Dear “Student Organization,”
Damn. I know that you might think the reaction to your racist and insensitive picture has been “over the top” but consider this: our current political climate.
Also consider this: being a decent group of young white guys and not being so blatantly racist. You’re not really helping the image of, let’s say, I don’t know — Greek life on this campus. Greek life (hypothetically speaking, of course) has been in hot water in this country for years!
For the perceived lack of diversity, for issues with sexual assault and hazing.
The stunt like the one you pulled is ripping the progress other Greek members are trying to achieve. When I (a humble, brown, non-Greek lesbian) saw your picture on Instagram — and I am saying “your” because, well, it was posted by a heap of your members — I have to admit #chologang was a bit of a red flag.
Sure, you didn’t go the whole nine yards and paint your faces brown, but throwing “gang signs” with magic marker tattoos? Meijer-bought bandanas? Y’all on some kind of budget? And using the bit of Spanish found on the internet — “vato” — the whole picture seemed pretty clear what stereotype you wanted to go as for Halloween.
I think the main thing that got to me the most was your caption, “Your culture is MY costume.” This is clearly responding to the hashtag “my culture isn’t your costume” campaign, which speaks out against exactly the racial insensitivity on Halloween that your post shows. This indicates that this is more than some accident. You know about the efforts of people of color trying not to be simplified as a stereotype on Halloween and every other day of the year.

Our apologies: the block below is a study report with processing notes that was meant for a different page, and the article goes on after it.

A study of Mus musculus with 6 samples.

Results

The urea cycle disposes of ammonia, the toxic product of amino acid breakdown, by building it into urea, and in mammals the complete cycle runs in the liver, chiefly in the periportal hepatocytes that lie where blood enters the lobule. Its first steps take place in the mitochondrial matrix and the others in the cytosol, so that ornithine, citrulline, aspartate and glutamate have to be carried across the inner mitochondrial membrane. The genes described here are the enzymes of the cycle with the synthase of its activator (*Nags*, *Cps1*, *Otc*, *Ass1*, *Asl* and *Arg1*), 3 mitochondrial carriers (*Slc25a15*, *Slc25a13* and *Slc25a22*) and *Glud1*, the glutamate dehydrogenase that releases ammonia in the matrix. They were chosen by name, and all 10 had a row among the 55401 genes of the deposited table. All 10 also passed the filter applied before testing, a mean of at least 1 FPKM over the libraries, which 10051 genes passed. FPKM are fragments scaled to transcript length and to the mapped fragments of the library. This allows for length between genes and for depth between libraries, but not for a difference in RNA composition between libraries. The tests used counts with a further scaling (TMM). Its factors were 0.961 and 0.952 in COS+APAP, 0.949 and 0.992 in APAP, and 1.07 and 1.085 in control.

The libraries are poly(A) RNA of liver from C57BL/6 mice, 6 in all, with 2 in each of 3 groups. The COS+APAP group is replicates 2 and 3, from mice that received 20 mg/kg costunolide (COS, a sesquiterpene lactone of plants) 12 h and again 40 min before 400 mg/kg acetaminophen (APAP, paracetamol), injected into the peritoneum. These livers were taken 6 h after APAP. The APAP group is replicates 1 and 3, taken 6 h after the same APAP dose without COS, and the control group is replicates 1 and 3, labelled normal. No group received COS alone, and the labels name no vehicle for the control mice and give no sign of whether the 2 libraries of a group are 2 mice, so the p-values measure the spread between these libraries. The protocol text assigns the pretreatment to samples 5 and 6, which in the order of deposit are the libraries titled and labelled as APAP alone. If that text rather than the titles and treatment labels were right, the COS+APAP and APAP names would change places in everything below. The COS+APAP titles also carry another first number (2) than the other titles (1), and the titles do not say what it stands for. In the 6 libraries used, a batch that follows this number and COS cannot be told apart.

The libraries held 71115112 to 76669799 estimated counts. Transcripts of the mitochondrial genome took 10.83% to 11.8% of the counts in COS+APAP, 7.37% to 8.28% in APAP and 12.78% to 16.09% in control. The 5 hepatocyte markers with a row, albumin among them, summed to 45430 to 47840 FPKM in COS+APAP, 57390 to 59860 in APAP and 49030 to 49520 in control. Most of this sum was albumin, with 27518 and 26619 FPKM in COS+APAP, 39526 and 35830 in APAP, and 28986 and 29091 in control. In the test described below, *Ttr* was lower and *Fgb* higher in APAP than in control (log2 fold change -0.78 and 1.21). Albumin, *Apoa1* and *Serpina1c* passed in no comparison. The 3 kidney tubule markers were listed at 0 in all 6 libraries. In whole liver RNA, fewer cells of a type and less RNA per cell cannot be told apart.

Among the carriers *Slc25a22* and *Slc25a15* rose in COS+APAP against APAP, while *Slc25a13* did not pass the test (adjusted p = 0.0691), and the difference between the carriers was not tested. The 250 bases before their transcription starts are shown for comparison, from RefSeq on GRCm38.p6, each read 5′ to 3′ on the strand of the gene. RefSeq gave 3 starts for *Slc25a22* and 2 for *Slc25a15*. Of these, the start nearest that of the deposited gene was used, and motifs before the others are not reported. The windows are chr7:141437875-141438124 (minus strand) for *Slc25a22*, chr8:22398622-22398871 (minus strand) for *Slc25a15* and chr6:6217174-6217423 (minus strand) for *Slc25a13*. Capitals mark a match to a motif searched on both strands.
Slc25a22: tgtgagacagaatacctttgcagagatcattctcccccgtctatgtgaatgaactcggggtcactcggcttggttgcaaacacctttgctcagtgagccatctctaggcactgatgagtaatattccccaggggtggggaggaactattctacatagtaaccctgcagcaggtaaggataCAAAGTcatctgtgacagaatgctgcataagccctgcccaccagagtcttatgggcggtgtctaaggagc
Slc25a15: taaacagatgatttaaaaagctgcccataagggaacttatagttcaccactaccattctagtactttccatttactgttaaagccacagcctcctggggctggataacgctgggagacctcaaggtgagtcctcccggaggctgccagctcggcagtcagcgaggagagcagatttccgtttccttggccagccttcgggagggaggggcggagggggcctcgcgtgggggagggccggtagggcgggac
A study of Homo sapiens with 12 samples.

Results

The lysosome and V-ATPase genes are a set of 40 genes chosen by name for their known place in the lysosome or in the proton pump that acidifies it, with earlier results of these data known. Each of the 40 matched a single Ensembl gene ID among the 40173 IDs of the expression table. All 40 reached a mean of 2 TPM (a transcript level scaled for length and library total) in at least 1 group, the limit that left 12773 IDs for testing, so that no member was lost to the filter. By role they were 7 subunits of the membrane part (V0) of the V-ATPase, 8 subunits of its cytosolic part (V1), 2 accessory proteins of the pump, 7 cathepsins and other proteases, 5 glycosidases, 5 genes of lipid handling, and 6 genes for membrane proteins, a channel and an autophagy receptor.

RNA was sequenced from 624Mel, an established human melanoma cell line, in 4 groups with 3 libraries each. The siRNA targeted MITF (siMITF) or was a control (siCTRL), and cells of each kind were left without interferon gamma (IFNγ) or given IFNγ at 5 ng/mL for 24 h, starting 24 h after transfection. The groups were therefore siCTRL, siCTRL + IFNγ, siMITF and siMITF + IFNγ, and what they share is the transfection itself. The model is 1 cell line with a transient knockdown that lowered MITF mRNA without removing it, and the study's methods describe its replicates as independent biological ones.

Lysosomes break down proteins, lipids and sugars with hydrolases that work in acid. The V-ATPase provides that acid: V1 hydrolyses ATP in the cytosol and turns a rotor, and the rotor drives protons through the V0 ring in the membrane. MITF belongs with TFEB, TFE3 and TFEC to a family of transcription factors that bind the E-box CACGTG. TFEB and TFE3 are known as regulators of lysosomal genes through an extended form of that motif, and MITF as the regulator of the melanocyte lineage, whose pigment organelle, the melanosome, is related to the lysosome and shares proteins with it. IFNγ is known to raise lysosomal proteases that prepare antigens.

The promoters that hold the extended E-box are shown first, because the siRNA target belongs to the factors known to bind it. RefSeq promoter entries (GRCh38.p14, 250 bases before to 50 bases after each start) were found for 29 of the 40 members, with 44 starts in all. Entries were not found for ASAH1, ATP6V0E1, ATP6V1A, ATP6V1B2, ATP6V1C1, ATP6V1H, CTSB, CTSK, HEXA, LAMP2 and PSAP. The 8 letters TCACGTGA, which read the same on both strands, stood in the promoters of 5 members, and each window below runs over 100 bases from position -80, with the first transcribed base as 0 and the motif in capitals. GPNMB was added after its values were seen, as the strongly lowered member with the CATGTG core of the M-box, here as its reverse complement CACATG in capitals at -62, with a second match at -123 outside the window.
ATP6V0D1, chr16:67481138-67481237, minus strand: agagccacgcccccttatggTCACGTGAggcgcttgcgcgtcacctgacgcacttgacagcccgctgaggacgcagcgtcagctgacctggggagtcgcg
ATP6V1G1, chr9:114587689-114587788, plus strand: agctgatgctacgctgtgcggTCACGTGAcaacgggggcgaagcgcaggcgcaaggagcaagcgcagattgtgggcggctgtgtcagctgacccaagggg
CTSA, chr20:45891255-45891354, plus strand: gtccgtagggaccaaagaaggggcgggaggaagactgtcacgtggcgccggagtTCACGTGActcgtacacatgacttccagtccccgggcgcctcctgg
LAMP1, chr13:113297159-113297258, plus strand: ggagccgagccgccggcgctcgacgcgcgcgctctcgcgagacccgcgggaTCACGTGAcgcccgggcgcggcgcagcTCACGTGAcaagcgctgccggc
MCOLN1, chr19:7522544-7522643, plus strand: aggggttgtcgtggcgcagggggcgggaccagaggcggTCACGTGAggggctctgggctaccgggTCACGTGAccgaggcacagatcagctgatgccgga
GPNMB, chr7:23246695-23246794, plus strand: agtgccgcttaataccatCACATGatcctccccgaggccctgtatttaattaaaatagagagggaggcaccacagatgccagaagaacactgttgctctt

Across America, racial insensitivity on a college campus isn’t unheard of, but the fact that you knew what you were responding to and posted it on a PUBLIC account is more than messy. It’s a bit f***** up.
Now, I’m not writing this to hurt you. I’m writing this to warn you about yourselves and your racist ignorance. Dressing up as these stereotypes can harm Latinx people because, as you read this, Mexicans are being called rapists and drug dealers by our government.
Latinx asylum seekers are being detained by our border guards, having their children taken and stashed in prison cells, alone and traumatized. Now, I know you didn’t even think about politics when you put on the costumes. I know you’ll probably think “that’s not what we did” but you don’t really get a say in this. You didn’t think about actual people. You played into a stereotype that has been used, politically, to destroy families and to hurt innocent children. That’s all on you.
This is more like an urgent plea, not to just say “do not do this again” but to look at yourselves! Ask the members in your organization what they stand for. If their values don’t line up with your constitution or the values of this university or the values that seek to uplift people of color, then maybe it’s best for you to do some soul-searching.
Parties are fun and all, but fun is not meant to last forever and some communities (even on this campus) are genuinely terrified of the violence that has been steadily amplifying in this country over the last nine years. If you’re tired of being reported to the University then identify what you are numb to. Instead of saying “we’re not racist” start by saying “we don’t want to be racist.”
Listen to what our communities think of you before more people of color suffer the consequences which stem from the type of ignorance you have exemplified.
If anything is a costume, it’s your willful racism. You can choose to take that off at any time.